Are you a single believer of, shall we say, “a certain age?”

Even if you’re not, you’ve likely spent some melancholy times looking over the history of your life. Yet perhaps, for those of us who’ve been successful in our careers, or have an eclectic stable of reliable friends, or any other measure of worldly success, there’s still room for dissatisfaction, isn’t there? Like there’s something we’ve missed.

No matter our marital or economic status, we achievement-oriented Americans tend to dwell on those areas of our lives that we don’t consider as accomplished. If we’re never-married, or divorced, it’s easy to lament what might have been. If we’ve never been a parent, or we’re a single parent, we wonder what our children might have been like if things were different.

Turns out, these aren’t new, post-industrial, post-Christian, or Generation X-Y-Z ponderings. Boomers don’t have a corner on the “should have, would have, could have” market, either. Have you ever heard of the American poet Henry Wadsworth Longfellow? He lived from 1807–1882, and his first wife died before he was 35.

In 1842, Longfellow wrote a famous poem about being “midway in the journey of our life,” and he even titled it with that phrase in Latin, Mezzo Cammin.

With how much of his poem can you relate?

Half of my life is gone, and I have let
  The years slip from me and have not fulfilled
  The aspiration of my youth, to build
  Some tower of song with lofty parapet.
Not indolence, nor pleasure, nor the fret
  Of restless passions that would not be stilled,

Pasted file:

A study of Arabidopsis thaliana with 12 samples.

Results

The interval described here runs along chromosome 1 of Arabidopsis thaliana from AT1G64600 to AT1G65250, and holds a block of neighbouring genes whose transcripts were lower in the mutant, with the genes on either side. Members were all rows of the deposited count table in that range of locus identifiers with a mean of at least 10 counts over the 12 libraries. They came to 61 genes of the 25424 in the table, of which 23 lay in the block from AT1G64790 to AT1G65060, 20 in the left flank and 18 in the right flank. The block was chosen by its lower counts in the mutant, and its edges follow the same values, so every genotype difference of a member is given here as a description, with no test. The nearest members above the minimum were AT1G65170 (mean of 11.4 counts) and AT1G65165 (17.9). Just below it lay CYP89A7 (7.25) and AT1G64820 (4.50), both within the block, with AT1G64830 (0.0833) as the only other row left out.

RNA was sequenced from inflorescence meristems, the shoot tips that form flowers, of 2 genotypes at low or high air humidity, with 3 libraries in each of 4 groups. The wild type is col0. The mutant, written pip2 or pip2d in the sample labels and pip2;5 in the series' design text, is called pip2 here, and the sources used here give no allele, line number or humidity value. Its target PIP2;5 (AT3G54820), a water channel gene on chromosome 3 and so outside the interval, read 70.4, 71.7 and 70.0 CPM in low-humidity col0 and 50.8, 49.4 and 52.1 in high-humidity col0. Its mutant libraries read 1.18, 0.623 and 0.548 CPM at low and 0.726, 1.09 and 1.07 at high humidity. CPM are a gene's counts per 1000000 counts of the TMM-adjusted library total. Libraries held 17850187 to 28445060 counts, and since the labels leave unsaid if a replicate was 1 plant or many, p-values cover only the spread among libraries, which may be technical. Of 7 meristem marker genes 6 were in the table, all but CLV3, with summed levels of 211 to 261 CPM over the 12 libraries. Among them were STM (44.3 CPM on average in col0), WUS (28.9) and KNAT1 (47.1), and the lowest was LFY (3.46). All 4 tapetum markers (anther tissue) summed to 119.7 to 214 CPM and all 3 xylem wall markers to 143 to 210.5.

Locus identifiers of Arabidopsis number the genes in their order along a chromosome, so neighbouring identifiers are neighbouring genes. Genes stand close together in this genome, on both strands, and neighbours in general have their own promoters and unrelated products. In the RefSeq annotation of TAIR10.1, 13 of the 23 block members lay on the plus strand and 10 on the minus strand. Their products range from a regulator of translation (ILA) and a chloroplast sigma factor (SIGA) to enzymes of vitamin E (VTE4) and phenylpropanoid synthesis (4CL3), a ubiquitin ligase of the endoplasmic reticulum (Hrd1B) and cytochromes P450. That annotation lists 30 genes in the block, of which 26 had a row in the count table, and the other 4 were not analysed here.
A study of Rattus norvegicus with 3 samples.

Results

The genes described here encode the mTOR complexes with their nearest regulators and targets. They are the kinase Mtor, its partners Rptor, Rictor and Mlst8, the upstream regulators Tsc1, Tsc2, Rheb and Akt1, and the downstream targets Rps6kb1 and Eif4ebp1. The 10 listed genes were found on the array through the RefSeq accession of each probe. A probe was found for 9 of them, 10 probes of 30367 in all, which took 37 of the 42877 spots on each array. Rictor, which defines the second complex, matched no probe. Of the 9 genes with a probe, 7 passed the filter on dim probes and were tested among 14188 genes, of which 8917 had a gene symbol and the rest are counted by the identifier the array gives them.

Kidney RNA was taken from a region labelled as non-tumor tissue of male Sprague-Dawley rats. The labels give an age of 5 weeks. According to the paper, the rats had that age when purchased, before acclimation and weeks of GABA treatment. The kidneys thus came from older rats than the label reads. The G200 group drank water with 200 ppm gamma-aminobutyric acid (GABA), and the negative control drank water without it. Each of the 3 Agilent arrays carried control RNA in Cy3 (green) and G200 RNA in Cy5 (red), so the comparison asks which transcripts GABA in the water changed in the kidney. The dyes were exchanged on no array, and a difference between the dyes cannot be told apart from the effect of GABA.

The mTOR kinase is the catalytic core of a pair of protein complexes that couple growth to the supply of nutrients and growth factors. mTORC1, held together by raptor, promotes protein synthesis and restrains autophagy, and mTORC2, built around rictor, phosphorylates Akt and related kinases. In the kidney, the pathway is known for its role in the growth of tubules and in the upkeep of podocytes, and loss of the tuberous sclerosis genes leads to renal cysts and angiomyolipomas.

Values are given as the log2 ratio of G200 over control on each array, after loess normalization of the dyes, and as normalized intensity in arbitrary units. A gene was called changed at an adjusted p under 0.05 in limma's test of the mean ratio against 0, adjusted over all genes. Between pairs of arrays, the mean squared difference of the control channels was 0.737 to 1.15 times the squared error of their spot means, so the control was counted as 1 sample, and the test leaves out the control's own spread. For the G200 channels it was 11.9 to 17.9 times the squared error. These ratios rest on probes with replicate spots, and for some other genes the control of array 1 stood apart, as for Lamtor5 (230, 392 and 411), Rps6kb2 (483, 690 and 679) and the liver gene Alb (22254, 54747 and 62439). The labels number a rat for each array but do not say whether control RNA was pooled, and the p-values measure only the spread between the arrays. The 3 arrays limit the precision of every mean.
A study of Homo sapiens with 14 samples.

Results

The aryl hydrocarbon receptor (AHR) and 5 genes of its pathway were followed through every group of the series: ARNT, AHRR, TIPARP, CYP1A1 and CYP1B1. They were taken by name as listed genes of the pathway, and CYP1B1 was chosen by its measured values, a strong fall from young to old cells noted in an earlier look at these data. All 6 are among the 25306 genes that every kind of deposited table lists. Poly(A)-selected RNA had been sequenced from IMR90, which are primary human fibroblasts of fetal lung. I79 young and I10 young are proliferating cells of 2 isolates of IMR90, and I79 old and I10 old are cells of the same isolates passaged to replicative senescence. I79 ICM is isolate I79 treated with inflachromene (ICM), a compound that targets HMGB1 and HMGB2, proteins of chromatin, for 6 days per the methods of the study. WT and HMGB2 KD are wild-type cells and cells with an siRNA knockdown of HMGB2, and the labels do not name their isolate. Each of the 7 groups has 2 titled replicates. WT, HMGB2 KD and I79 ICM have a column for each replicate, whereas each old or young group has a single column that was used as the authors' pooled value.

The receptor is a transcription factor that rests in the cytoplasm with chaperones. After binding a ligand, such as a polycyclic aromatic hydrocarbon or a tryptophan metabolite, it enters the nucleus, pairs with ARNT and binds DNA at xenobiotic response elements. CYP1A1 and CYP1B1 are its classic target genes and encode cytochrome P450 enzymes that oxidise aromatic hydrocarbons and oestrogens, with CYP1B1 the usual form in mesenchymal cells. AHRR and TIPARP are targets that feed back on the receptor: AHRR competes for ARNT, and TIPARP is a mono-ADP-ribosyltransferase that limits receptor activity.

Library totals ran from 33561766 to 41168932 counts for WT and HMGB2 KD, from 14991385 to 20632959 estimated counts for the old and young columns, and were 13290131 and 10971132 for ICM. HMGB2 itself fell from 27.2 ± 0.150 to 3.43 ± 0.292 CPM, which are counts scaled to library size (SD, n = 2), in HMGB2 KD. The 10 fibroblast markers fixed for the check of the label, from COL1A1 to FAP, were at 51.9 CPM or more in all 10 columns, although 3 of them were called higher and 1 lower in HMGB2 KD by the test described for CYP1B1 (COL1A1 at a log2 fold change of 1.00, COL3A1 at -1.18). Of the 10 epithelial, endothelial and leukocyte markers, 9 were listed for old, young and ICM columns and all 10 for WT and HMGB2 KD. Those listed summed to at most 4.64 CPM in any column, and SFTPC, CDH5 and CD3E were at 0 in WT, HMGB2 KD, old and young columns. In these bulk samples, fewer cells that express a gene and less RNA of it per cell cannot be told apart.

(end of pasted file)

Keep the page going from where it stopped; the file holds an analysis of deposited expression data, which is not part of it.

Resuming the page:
But sorrow, and a care that almost killed,
  Kept me from what I may accomplish yet;
Though, half-way up the hill, I see the Past
  Lying beneath me with its sounds and sights,—
  A city in the twilight dim and vast,
With smoking roofs, soft bells, and gleaming lights,—
  And hear above me on the autumnal blast
  The cataract of Death far thundering from the heights.

It’s all there, isn’t it? The aspirations of our youth, and the grandeur we’d planned on accomplishing for ourselves, whether in business, or ministry, or non-profit charity, or teaching, or the performing arts, or parenthood, or being the ideal spouse.

Yet things happened along the way, didn’t they? Those things that, taken collectively, we call “life.”  Day by day, even if we denied ourselves pleasures so that we could realize greater things, and made conscious efforts to not let daily cares and worries press us down, somehow, where we are today isn’t where we planned on being at this point in our lives.

We’re halfway up life’s hill, and looking back, we think we see better things that could have been. From our current perspective, they remind us of how much less time we have to try and correct what we consider to be life’s disappointments.

Hmm. Pretty melancholy, isn’t it? These are narratives where frustrated nostalgia seduces us into assuming things could have been different had we worked harder at avoiding whatever scenarios have contributed to our current condition.

Meanwhile, we don’t have any proof of how different things might have been, do we? For those of us who believe in a sovereign God, we know He allows certain things to happen, even if they’re the direct result of our stubborn free will. None of us really knows the mechanics of how God’s sovereignty and our individual free will interact, and if we did, we wouldn’t need faith to trust God for His guidance and peace.